Walking to Well Being
Nature’s design for good health
Posted Nov 26, 2015
The Last Great Walk by Wayne Curtis describes Edward Weston’s journey on foot from New York to San Francisco in 1909 – around the time Americans stopping walking and began to drive. At the end of his introduction, Curtis makes the convincing claim that not walking is one of the most radical decisions we’ve ever made.
We are designed for walking. Those of us who are able bodied can literally walk our way to good health. Walking keeps us moving and makes us feel good.
According to the Mayo Clinic, regular walking helps prevent or manage heart disease, high blood pressure, asthma, and Type 2 Diabetes, while maintaining weight and improving balance and coordination. Various studies have shown that regular walking reduces the risk of heart disease and stroke, while lowering LDL (bad) cholesterol and elevating HDL (good) cholesterol.
The Department of Health and Human Services recommends a minimum of 2½ hours a week of moderate activity – which translates into one brisk half-hour walk each day, five days a week. Regular walking also strengthens bones, increasing their density as it increases circulation and oxygen to your cells. In fact, a walk actually increases your energy level – by elevating circulation and increasing oxygen in all your cells. Walking boosts us physiologically and makes us less tired.
Walking also uplifts the psyche. In his essay, Walking, Thoreau speaks of people living in town who are rejuvenated just with their memories of walks in the woods, “elevated for a moment . . . by the reminiscence of a previous state of existence.” About himself, Thoreau said, “I cannot preserve my health and spirits, unless I spend four hours a day at least . . . sauntering through the woods and over hills and fields, absolutely free from worldly engagements.” His instructions: “walk like a camel,” ruminating while you go.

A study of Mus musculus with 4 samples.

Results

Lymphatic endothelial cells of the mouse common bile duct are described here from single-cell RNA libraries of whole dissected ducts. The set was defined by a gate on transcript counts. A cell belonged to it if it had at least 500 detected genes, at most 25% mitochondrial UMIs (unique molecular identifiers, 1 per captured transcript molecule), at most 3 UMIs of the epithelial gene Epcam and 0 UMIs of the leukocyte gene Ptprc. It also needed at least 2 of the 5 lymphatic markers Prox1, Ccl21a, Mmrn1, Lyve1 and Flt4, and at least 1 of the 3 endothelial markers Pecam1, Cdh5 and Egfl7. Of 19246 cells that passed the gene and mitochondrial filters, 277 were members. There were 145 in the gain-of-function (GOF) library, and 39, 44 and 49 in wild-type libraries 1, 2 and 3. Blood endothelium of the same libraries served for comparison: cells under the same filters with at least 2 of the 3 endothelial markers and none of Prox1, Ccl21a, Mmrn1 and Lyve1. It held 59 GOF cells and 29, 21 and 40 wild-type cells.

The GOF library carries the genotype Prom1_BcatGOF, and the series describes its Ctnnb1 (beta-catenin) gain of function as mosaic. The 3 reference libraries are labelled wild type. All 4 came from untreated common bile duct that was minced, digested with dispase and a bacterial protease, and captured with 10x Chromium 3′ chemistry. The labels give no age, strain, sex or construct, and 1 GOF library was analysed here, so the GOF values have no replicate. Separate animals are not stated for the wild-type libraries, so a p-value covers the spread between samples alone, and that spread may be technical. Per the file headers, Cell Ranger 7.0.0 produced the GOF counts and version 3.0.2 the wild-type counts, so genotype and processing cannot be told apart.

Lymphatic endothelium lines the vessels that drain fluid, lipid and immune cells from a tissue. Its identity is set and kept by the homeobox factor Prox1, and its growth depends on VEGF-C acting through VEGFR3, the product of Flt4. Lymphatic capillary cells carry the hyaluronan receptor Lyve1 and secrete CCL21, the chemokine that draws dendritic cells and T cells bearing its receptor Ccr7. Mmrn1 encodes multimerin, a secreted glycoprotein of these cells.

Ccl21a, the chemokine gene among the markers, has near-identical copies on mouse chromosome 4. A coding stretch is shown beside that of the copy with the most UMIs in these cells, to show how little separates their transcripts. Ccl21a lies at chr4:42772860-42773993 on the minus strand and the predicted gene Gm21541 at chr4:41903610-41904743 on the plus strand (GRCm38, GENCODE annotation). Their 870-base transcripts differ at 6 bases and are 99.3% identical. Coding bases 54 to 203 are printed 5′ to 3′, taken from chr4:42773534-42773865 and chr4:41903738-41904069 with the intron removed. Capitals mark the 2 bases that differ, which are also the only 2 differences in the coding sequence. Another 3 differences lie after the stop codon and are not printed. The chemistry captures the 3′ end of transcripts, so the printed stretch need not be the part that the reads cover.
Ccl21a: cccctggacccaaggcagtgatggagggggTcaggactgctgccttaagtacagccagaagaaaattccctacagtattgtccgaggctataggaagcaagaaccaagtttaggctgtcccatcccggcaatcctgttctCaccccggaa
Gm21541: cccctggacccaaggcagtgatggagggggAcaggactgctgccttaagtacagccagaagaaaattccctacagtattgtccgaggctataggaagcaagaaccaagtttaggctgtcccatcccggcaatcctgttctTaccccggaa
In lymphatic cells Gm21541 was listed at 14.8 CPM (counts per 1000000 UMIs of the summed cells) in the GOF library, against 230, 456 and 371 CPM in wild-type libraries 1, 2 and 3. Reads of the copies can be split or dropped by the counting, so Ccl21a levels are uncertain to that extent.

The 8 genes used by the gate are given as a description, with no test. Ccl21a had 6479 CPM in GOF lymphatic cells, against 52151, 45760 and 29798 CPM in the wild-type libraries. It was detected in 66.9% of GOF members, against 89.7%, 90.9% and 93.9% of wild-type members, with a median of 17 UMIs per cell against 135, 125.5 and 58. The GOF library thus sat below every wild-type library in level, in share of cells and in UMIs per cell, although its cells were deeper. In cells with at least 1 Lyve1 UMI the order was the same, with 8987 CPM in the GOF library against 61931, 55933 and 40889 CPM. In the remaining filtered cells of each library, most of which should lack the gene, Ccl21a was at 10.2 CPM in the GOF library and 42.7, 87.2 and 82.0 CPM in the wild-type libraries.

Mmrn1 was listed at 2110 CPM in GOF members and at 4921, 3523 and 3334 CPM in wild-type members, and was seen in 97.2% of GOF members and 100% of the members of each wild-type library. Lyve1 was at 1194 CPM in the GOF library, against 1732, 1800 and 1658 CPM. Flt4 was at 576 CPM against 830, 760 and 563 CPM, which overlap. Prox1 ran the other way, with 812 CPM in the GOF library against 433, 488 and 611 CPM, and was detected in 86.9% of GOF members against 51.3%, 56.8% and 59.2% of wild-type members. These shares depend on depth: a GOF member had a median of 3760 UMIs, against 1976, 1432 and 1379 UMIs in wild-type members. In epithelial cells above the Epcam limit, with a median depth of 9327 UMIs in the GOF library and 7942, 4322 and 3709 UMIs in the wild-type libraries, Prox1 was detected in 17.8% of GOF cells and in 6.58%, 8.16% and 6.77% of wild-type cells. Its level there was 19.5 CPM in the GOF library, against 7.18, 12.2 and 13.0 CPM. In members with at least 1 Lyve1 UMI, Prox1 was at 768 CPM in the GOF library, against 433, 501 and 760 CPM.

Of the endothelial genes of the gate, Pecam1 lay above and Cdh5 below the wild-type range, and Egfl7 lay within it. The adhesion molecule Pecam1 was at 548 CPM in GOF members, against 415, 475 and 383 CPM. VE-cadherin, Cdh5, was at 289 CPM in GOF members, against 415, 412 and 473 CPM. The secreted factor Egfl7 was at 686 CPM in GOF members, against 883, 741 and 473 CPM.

While most of us do not have four hours a day for walking or a benefactor like Ralph Waldo Emerson, Thoreau was on the right path about the enlightenment and joy of walking, especially outdoors, in nature. And not only when it’s warm and pleasant. (As Minnesotan’s say, there’s no such thing as bad weather, just bad clothing.) Few activities are so simple and so beneficial to our health as a walk outside. Instead of taking a nap after a second generous helping of Thanksgiving leftovers, take a walk.
For those who live close enough, walking to work is a healthy way to prepare for the work day and to unwind afterwards. If work is too far to walk, simply park your car farther away. I purposely park more than a half mile from my office, thereby getting in an early walk and a later one, while also bypassing the struggles of trying to park closer. I also opt to park farther away than necessary for special events and appointments. It’s usually easier to find a spot – and the walking makes me feel better.
The original defining feature of our species was bipedalism.
Our first hands-free technology was walking on two legs. We should follow the lead of evolution and walk.